This started off as a search for snow globe gifs. They all looked cheesy, and for some reason Elvis kept coming up. So the search was on for Elvis snow globe gifs. That didn't yield a whole lot either, but some of the non-gif/non-snow-globe ones were interesting. Kind of reflects what the season is all about.
Thursday, December 8, 2011
I do try to get into the season. Not always easy, for there's something in me that resists. It's not just the Charlie Brown feeling that Christmas has become too "commercial" (and this was a sentiment first expressed in 1964!). I feel swept up in something I don't want to be swept up in, at least not all the time.
But I do try. I made shortbread yesterday, and if I must say it myself, it was melt-in-the-mouth heavenly. But full of butter, and not much good for my resolve to lose weight (for I need to lose a lot of weight, again).
I don't know why exactly this ad grabs me, but it does, and I was glad to see it on YouTube. I remember that rambunctious "wake up, it's Christmas" feeling when I was a kid. And yes, a lot of it was about "things".
All these gifts are supposed to be, what? A remnant of the Magi and their gold, frankincense (sp.??) and myrrh? We're getting farther and farther away from such symbolism, unless we happen to be churchgoers (talk about remnants!). Or is it Santa, his insistence on flying over us and landing on each rooftop to give just the right gift to the right child, but ONLY IF THEY'VE BEEN GOOD ALL YEAR??
Talk about a tool for parental manipulation.
So if it isn't about the Christ Child, isn't even about Santa and his explosions of toys in particular, then what IS it about?'
I'm tired of it, kind of. No, not kind of, definitely. We're scaling down gifts now, in fact attempting to do away with gifts for the adults altogether. It's hard, because there's this entrenched custom for them to give to us, and if you don't reciprocate you somehow feel chintzy.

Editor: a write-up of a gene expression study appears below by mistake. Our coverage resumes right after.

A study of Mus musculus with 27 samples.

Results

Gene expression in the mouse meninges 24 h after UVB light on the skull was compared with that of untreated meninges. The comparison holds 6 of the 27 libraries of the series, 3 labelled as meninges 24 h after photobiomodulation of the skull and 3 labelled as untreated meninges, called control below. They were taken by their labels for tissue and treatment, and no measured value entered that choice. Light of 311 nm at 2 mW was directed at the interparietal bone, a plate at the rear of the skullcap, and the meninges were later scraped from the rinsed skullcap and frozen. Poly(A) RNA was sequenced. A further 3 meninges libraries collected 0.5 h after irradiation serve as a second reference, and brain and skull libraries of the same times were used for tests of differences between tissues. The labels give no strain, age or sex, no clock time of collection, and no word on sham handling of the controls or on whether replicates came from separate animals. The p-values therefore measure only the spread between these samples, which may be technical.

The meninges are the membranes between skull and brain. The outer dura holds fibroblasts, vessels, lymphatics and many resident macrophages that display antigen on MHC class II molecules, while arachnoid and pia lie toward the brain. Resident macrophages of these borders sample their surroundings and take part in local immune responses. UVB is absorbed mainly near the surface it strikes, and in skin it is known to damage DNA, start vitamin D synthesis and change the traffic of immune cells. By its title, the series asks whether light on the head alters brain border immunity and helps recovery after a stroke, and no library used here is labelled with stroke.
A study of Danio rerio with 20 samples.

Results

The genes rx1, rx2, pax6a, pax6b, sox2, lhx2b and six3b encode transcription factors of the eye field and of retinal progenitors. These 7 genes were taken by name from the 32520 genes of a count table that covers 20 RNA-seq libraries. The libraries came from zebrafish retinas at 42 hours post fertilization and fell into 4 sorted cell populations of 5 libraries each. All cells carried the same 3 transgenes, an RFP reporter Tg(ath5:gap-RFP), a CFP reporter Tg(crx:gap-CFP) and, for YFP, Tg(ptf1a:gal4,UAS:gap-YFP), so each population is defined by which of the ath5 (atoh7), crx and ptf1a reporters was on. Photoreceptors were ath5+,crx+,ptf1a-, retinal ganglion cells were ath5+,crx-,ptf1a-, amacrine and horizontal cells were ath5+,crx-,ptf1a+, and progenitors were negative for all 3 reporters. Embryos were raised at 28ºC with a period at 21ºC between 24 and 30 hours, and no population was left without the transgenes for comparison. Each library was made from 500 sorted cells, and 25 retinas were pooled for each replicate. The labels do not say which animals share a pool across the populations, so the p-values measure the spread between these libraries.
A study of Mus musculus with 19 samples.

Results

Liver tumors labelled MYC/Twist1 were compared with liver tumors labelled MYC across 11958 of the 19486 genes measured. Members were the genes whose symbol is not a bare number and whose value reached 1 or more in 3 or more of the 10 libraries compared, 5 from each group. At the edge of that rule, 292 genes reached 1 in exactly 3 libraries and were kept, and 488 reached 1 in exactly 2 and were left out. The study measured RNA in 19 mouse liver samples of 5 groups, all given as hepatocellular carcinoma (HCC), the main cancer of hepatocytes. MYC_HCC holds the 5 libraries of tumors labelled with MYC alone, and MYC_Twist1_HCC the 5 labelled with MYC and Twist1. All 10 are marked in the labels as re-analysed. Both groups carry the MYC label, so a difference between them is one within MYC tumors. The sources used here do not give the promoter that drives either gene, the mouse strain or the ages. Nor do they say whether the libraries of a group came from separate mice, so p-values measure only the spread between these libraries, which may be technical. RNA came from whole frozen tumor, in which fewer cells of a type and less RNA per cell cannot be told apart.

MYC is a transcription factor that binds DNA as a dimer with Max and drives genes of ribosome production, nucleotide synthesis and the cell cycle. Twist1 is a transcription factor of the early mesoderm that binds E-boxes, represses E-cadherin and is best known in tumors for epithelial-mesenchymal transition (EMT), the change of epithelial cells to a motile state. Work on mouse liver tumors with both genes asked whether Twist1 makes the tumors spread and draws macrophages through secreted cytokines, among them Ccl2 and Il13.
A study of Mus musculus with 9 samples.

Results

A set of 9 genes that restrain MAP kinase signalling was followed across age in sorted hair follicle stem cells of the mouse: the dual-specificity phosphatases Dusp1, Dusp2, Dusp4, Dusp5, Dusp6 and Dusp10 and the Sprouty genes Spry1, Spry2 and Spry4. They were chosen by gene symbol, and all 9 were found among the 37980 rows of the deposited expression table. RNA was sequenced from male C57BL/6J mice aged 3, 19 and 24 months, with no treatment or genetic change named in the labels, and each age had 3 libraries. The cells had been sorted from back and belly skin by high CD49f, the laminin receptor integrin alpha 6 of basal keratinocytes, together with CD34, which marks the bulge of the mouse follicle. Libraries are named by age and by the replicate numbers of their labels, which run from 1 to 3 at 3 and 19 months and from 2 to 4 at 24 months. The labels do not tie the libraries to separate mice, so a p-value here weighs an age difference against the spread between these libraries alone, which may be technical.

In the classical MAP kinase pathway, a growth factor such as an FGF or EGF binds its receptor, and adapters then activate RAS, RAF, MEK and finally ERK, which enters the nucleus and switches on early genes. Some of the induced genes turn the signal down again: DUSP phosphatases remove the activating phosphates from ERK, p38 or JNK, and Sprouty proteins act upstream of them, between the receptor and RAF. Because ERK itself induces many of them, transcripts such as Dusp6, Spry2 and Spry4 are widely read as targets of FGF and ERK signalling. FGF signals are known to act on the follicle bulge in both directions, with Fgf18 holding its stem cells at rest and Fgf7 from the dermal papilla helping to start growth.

You know the feeling.
I'm trying to start a new tradition, and I've done it twice so far, of making charitable donations in the person's or family's name. Myself, I'd love receiving this, the feeling that the money that might have gone into yet another blender or Body Shop gift set will actually do some good. The Body Shop stuff doesn't even get used, and the blender is likely to be shoved in the very back of the cupboard along with the waffle iron that you used maybe twice.
The kids, well, we're still giving them stuff, but the emphasis is changing, we hope. We're giving them tickets to activities they might enjoy, science lab kits (for Caitlin), things they can DO rather than "play with" (i.e. ignore). I've knitted things, made things for them. I'm giving a ream of paper to Erica so she can build more stately mansions with it (and I wish we had photographed the Parthenon she built with rolled-up paper and tape). They don't need more Barbies or Matchbox cars or train tracks. They've got all that stuff, too much of it.
For all that, I don't feel well today, and it occurs to me I have the same acid stomach I always have in December. I just have to get through it. Not that January will be a sweet time, necessarily, but at least all this pressure will be over.
Pressure? Yes. To go along with it, so you won't look Scrooge-y or Grinch-y. Spend, spend, spend: and not just money, but time, decorating, baking, doing all those things that I guess we should be enjoying more than we actually do.
So I don't know exactly why I like this ad so much. I think it's the bouncy energy of it, the song and the swift half-second montage of shots. Some ad people are genuises at putting it all together. I loathe almost all TV ads, but once in a while one comes along (like the Glade one with the animated cookie reindeer) that delights me.